April 20, 2009 in City

Turnout outpaces expectations at breast cancer fundraising race

Meghann M. Cuniff Staff writer
Photos by J. BART RAYNIAK photo

More than 350 people from Team Lisa pose for a photo before Sunday’s Race for the Cure in Spokane. The team formed in honor of Lisa Stiles Gyllenhammer, a Shilo Hills Elementary School teacher who died of breast cancer three years ago. “She was a mother, a daughter and a wife … an incredible woman,” friend Susan Schlosser said.
(Full-size photo)(All photos)


The turnout was the largest in the four-year history of the Susan G. Komen Race for the Cure here, and it surprised organizers who’d prepared for about 1,000 fewer people.

“It exceeded our expectation by about a mile,” said Stephanie Aden, chairwoman of the breast cancer survivors involved in the race.

About 5,000 participated last year.

“With the economy we have, who would guess that we would have a 40 percent increase?” said Mike Bresson, race chairman. “It was incredible.”

The average amount pledged to race participants was down to about $27 a person, from about $34 last year, but the overall money raised increased to about $400,000 this year thanks to corporate sponsors and the entry fees, Bresson said.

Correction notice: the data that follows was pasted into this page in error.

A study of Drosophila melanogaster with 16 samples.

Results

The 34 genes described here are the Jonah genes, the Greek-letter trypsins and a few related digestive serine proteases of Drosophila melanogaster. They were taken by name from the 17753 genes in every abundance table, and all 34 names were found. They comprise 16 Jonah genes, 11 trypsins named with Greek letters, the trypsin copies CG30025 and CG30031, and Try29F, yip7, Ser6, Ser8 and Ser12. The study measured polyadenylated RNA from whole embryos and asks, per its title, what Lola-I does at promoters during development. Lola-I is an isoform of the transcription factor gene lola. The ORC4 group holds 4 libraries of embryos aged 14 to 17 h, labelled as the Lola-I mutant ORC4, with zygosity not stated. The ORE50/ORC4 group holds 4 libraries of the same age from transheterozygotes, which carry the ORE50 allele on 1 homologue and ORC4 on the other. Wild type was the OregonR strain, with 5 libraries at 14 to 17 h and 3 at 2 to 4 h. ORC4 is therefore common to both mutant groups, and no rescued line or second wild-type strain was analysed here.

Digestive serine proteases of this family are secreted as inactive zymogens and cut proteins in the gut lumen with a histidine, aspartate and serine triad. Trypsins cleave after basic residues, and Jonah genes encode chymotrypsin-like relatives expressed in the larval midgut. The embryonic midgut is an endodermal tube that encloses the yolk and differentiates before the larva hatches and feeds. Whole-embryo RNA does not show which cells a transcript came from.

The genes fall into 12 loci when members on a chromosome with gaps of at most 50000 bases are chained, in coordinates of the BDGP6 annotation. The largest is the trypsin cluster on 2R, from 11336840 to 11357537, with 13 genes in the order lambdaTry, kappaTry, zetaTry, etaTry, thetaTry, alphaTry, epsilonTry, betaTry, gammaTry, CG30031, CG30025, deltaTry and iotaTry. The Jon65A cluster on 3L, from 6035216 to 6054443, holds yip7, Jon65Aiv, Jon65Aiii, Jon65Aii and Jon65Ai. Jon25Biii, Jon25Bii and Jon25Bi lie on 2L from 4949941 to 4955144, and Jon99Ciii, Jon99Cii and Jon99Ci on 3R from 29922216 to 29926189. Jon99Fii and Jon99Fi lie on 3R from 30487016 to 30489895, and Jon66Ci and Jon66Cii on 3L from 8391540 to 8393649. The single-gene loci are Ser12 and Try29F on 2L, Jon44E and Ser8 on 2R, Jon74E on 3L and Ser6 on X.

Participants chose between a one-mile and five-kilometer race and paid $25 or $35, depending on when they registered.

Race organizers ran out of the T-shirts given to each person who paid the entry fee. About 1,000 participants will get theirs in the mail in the next few weeks, Bresson said.

Organizers also ran out of race numbers, so about 50 runners and walkers went without them.

“That part’s tough, but on the other side, it’s great we had such tremendous growth,” Bresson said. “People are learning about us.”

Seventy-five percent of the money raised will stay in Eastern Washington, paying for services such as mammograms. A board of directors awards the money through grants.

The rest of the money goes to the national Susan G. Komen Foundation, founded in 1982 by Nancy Goodman Brinker, whose sister Suzy Komen died of breast cancer at 36.

Aden joined hundreds of other cancer survivors in the race.

“Most people get involved with the race because they’ve had a family member who lost their life to breast cancer,” she said. “This is an important cause.”

And with the surge in participation, organizers say their message is being heard.

“We just feel like we’ve finally arrived,” Bresson said.

Meghann M. Cuniff can be reached at (509) 459-5534 or at meghannc@spokesman.com.